I was trying to avoid an explanation, but maybe it would help: I have been asked to alter something the trim painters did around my cabinets. The easiest way to precisely match the color is to use my lacquer. They would like to avoid the expense of spray-prep. My rep has given guidance as to base prep, including which primer and wait-times, but won't go out on a limb with regards to brushing the stuff on. Can't blame him.
I could just shrug and say how sorry I was, but this is a very good customer, and I'd like to help.
I've been doing some testing, and am closing in on it. I have found that a 35% reduction with retarder brushes fairly neatly, but doesn't cover as well as I would like. Obviously, I'm hampered from the start with a lower-solids product, but I'm still wondering if there isn't something besides butyl-based retarders I can add to increase brush flow without thinning too much.
Anyway, so I'm looking for guidance from anyone who has done the same or similar.
Well, I still am lost at what you are coating (cabinetry or trim), but you may want to include in the mix ML Campbell Flow Enhancer #2. It can reduce bubbling......at least when spraying, don't know what it does with a brush application.
My distributor for lacquer can provide a service to 'aerosolize' a gallon of any color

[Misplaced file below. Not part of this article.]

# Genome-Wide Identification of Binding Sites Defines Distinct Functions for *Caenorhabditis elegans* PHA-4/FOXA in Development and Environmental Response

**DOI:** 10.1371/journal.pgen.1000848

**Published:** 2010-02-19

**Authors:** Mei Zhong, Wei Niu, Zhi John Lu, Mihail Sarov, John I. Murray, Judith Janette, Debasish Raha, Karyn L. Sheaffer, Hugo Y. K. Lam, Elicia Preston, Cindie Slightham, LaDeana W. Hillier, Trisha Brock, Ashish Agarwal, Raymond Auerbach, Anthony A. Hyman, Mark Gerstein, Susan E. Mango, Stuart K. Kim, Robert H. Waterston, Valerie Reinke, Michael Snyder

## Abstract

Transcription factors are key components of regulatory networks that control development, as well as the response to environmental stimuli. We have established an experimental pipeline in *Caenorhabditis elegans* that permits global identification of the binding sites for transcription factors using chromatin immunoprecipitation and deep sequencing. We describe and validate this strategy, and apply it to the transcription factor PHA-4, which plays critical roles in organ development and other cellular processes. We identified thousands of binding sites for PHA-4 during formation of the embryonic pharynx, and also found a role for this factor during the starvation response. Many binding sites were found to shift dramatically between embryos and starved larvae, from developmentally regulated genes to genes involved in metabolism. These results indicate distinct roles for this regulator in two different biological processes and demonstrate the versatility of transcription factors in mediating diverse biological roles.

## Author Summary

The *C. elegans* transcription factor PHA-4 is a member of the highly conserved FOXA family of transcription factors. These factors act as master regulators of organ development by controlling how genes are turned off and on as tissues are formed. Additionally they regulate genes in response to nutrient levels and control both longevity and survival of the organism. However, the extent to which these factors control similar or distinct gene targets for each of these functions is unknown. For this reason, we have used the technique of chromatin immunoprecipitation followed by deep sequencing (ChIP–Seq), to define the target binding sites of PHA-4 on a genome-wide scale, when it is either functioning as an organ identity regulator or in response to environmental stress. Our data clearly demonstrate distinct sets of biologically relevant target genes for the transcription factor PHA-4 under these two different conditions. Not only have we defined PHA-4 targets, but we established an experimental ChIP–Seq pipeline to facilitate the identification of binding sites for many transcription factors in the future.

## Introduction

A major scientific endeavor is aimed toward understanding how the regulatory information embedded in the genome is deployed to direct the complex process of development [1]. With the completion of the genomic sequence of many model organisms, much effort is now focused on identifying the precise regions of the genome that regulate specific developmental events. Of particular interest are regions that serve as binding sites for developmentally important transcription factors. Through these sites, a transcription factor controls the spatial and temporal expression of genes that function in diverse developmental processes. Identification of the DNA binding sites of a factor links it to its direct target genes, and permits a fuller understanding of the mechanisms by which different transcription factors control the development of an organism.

lacquer into 12 spray cans. You may be better off going that route than trying to brush on a 'finish' quality piece of trim.
Just a point karl and not meant to be a criticism. Adding too much Retarder will actually prevent the coating from drying. Also, Retarder is a strong solvent that can act as a stripper and lift whatever its being applied to. The fact that its being brushed on may disturb the original coating to the point that it may become a real mess.
Robert - retarder will not prevent a coating from drying or curing. Retarder is a solvent that evaporates slowly compared to others - but it will evaporate and the coating will not be adversely affected.
Hi Paul, perhaps a better choice of words would have been it takes a real long long long time to dry if it dries at all.
I attempted to do exactly what karl is about to do. I varied the amount of retarder to a variety of samples to see what I would come up with and a few samples took forever and a day to even dry up enough to where a thumb print wasn't visible.
Again, thanks for the input, and appreciate that you would take time to do your own testing.
I changed my mix from 35% straight retarder to 15% "super-cool" lacquer thinner (automotive), and 20% retarder, and a splash of acetone. I'm sure there is substantial overlap in chemistry between them, and an argument could be made that the acetone was counter productive. So this is a recipe that worked for me using products locally available. The goal was to be able to draw a stroke without dragging. Done. Drying time of course was extended, but that was by design, as it gave everything time to smooth out.
I doubt ill ever have to do it again, but you never know. Most importantly, customer is happy, buddy's rep is preserved, and I even got paid.